United States President Donald Trump urged Colombia’s government to resume the aerial fumigation of coca on Thursday as he certified the country as cooperative with Washington DC’s counternarcotics efforts.
In the White House’s annual memorandum on major drug producing or trafficking countries, Trump said that “President Ivan Duque has made early progress in rolling back the record-high coca cultivation and cocaine production levels inherited from his predecessor,” former President Juan Manuel Santos.
Trump’s endorsement of Duque is a 180-degree turn from comments made in March, when he claimed that “more drugs are coming out of Colombia right now than before he was president.”
The two hard-liners have been struggling to execute an effective counternarcotics policy that would effectively reduce the use of cocaine in the United States, the world’s largest consumption market of the popular illicit drug, and production in Colombia that exported more cocaine in 2018 than ever, according to the United Nations Office on Drugs and Crime (UNODC).
Colombia’s potential cocaine exports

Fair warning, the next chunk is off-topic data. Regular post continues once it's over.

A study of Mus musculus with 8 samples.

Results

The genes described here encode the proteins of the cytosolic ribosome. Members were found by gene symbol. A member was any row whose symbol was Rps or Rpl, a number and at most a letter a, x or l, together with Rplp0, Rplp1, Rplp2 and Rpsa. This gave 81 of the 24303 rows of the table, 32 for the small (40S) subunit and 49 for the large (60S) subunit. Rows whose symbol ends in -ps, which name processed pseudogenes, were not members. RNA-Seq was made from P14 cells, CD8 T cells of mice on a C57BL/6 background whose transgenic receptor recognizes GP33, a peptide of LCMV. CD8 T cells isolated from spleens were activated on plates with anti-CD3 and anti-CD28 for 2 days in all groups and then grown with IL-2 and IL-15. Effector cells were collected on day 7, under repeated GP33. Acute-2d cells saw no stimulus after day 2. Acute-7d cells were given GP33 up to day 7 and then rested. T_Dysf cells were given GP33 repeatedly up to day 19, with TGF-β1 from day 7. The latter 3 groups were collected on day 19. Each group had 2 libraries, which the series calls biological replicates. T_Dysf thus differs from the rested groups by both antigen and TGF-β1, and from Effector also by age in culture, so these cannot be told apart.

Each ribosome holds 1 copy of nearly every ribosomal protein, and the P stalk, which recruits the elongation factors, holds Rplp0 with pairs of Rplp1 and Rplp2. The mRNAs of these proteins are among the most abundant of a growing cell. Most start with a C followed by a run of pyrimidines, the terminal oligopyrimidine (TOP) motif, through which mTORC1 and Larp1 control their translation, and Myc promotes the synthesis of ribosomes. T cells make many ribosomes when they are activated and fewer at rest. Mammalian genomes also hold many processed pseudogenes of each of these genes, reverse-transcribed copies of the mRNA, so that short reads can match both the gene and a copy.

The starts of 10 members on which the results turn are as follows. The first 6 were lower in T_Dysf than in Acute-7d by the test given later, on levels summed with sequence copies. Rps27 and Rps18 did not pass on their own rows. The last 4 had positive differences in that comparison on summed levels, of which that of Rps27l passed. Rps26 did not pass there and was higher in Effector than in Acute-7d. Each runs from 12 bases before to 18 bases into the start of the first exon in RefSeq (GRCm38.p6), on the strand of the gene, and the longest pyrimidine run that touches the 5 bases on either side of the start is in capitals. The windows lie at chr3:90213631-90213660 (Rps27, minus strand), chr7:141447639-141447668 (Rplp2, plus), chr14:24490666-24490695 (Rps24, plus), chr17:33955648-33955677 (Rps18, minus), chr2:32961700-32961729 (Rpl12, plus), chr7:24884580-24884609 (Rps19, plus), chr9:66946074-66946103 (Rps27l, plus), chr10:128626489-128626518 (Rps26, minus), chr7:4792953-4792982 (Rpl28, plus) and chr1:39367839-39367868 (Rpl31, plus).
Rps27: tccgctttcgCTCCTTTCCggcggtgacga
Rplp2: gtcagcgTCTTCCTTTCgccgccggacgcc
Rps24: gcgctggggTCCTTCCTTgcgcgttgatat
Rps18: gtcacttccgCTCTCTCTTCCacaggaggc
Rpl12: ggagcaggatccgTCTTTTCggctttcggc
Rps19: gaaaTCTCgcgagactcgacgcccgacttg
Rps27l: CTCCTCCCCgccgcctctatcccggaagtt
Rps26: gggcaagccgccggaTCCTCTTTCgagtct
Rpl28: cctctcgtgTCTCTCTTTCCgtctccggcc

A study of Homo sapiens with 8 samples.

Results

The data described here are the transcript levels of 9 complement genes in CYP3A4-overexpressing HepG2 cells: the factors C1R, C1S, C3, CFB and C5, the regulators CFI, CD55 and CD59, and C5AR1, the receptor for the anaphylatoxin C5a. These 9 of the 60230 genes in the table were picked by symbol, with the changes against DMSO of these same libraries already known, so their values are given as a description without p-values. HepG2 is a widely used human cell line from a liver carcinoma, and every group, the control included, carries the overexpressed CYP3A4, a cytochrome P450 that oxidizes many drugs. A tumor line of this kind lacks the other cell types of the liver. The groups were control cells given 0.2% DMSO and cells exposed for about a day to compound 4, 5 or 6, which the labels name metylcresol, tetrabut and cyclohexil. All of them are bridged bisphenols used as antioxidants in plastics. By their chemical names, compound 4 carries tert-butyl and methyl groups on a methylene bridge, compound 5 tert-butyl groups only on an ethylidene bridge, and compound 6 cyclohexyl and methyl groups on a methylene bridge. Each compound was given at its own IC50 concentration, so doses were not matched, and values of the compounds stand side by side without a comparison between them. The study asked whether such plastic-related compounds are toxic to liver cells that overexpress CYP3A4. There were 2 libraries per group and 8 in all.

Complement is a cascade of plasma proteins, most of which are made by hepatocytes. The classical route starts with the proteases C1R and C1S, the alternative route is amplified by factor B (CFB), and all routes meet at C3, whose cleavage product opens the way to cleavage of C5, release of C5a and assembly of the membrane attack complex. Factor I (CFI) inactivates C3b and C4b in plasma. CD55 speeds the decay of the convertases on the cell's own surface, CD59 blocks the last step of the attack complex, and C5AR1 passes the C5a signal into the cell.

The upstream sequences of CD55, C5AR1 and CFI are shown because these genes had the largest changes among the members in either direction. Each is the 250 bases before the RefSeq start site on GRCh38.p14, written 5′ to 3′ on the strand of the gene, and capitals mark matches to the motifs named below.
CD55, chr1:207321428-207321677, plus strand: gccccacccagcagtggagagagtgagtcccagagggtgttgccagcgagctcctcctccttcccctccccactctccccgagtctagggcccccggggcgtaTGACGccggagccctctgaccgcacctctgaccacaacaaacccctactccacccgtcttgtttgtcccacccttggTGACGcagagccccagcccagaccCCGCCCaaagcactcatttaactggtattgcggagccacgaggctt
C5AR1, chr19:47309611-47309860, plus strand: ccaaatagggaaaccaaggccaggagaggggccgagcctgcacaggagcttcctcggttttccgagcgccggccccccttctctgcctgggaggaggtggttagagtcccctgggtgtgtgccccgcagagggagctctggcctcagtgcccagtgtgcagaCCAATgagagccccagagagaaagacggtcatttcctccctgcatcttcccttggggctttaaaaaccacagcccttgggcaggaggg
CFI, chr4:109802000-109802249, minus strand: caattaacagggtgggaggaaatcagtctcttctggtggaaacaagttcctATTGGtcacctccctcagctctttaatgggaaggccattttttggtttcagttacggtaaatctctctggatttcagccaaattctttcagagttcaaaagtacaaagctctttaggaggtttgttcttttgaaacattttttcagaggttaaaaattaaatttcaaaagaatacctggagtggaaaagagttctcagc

Source: UNODC / National Police
The US President expressed his support for Duque’s attempts “to restart a Colombian-led aerial eradication program” that is widely considered ineffective, and a hazard to both public health and the environment.
This progress needs to continue and expand, and my Administration will work with our Colombian partners to reach our joint 5-year goal to reduce coca cultivation and cocaine production by half by the end of 2023.
US President Donald Trump
Duque has gone at length to align his policies with that of his erratic US counterpart, but is held back by the courts and Congress, where his government coalition is in the minority.
The Constitutional Court last month upheld strict 2017 conditions that would allow the resumption of aerial fumigation using glyphosate, a herbicide that is increasingly considered carcinogenic.
Duque has said he has been moving forward to resume aerial spraying, but his administration reportedly has yet to begin complying with any of the court’s conditions in order to be able to do so legally.
The Colombian president’s opponents in Congress proposed legislation earlier this month to ban glyphosate and effectively force Duque to follow the counternarcotics recommendations of the UNODC rather those of the US government.
The UN’s counternarcotics agency for years has dismissed the repressive strategies preferred by Duque and Trump, and is cooperating with Colombian authorities to reduce drug trafficking through crop substitution and rural development programs, a strategy widely considered more effective.